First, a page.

Over the past year, the startup world has watched Facebook go public in the largest venture-backed IPO of all-time, Buddy Media get acquired by Salesforce.com for nearly $700 million, and Pandora reach a $2 billion market cap as a publicly traded company. One thing that all of these successful startups have in common is that the majority of their revenue comes from brand marketing dollars. These companies have been able to drive explosive revenue growth because they have attracted the world's largest advertisers, including companies like Procter & Gamble, AT&T, General Mills, Verizon, and PepsiCo. And as a result, each of them has grown from being humble startups just a few years ago to dominant players in the world of digital media today.
Having that type of success is obviously the aspiration of every startup. But getting to that level of success requires a solid business model that results in consistent (and growing) revenue. For consumer internet startups, there are essentially three main ways to make money: provide media, provide a paid service, or sell a physical product. Many of the startups we work with at Rockfish and The Brandery are targeting that first business model of providing media. In more cases than not, that means that they have built their entire business models on attracting brand marketing dollars.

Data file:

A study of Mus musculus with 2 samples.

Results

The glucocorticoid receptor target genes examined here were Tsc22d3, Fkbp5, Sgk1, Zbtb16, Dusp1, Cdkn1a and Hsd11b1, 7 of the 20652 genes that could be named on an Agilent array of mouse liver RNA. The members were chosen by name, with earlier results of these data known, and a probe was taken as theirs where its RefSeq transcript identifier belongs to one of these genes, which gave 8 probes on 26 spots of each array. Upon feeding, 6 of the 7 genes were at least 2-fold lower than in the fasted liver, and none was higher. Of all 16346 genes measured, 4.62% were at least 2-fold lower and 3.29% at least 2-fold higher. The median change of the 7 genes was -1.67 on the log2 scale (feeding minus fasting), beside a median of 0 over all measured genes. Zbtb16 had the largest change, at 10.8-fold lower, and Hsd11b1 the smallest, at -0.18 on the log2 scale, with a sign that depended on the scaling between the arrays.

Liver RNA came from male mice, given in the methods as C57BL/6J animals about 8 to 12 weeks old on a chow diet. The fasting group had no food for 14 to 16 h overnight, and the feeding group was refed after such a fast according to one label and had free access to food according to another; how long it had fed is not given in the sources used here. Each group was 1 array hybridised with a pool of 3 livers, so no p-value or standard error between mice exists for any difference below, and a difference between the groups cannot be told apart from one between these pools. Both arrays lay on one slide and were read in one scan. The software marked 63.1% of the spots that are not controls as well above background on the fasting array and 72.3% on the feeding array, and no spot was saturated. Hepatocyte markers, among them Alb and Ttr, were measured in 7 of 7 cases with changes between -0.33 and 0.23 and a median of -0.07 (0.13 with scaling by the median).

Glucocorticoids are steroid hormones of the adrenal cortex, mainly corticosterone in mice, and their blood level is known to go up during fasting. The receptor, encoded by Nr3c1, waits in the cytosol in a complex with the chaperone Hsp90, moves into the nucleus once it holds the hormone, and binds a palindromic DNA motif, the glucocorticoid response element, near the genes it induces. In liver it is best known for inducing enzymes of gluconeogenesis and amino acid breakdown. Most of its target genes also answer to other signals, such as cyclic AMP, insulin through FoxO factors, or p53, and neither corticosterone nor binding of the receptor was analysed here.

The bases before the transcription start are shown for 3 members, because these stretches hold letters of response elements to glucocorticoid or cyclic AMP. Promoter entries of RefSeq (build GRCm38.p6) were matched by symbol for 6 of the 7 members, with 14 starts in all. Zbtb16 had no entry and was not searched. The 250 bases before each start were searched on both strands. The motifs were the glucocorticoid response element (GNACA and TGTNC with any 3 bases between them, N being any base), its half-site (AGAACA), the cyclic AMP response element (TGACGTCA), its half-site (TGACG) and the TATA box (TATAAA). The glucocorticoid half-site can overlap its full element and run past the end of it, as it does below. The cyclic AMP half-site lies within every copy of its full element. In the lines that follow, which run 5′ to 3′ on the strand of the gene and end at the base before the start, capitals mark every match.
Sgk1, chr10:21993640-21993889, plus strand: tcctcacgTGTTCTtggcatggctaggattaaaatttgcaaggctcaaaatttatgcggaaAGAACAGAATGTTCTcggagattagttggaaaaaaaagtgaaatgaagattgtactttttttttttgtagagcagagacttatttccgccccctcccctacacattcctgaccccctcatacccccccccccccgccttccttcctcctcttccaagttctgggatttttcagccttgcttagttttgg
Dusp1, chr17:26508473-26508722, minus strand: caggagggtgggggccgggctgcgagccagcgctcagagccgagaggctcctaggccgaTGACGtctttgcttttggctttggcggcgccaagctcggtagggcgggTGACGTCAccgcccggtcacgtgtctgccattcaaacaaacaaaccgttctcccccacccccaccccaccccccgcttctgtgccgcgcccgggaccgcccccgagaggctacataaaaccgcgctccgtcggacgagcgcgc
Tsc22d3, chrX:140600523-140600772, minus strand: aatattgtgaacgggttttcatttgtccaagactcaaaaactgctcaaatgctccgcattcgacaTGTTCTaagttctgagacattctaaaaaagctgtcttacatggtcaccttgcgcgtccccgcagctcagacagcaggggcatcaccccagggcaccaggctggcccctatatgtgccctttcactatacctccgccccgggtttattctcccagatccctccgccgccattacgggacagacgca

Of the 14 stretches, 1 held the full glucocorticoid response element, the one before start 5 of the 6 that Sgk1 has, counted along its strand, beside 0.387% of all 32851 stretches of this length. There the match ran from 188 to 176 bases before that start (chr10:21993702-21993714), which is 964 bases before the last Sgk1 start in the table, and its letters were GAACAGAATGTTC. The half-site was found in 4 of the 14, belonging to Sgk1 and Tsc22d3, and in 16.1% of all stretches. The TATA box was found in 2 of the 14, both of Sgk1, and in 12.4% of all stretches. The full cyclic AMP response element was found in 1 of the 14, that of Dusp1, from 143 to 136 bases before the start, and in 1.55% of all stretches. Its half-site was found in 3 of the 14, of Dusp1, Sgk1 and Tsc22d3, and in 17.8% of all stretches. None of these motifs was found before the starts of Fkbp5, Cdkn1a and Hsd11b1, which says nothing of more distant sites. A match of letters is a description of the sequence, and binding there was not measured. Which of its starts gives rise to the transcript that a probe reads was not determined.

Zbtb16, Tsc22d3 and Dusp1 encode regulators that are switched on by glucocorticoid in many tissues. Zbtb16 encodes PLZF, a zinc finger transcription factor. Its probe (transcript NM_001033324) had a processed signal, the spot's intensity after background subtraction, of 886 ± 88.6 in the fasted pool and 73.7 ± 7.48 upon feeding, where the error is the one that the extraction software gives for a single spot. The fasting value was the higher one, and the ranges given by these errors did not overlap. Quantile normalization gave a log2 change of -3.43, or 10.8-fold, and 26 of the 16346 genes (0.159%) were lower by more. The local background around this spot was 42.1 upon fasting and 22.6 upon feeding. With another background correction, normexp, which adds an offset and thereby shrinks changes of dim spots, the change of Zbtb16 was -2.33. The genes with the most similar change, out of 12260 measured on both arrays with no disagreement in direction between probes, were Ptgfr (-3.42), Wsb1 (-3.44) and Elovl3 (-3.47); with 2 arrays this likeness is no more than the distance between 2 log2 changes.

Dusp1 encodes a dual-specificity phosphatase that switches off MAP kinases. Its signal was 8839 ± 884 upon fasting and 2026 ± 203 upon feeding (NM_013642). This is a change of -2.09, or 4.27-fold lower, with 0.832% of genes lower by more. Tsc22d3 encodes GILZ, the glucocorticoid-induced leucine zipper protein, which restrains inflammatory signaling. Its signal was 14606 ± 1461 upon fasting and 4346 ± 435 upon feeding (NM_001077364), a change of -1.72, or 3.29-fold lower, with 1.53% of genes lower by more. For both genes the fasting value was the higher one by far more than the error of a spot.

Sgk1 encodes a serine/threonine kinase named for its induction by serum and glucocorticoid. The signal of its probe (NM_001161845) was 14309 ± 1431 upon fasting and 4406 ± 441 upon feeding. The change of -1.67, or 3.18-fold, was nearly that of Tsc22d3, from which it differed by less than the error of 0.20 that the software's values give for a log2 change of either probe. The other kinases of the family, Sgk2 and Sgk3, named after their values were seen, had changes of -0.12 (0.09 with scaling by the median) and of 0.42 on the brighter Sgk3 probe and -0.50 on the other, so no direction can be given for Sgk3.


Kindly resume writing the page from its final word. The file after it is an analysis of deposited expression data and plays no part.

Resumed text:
I am continuously surprised by how many startup founders build their business models around brand marketing dollars, yet do not invest the effort in truly understanding their customer. Because of this, they set up themselves and their startups for failure.
Since failure isn't the first goal of a founder, here are five reasons your startup might fail to connect with brand managers -- and how you can avoid these pitfalls.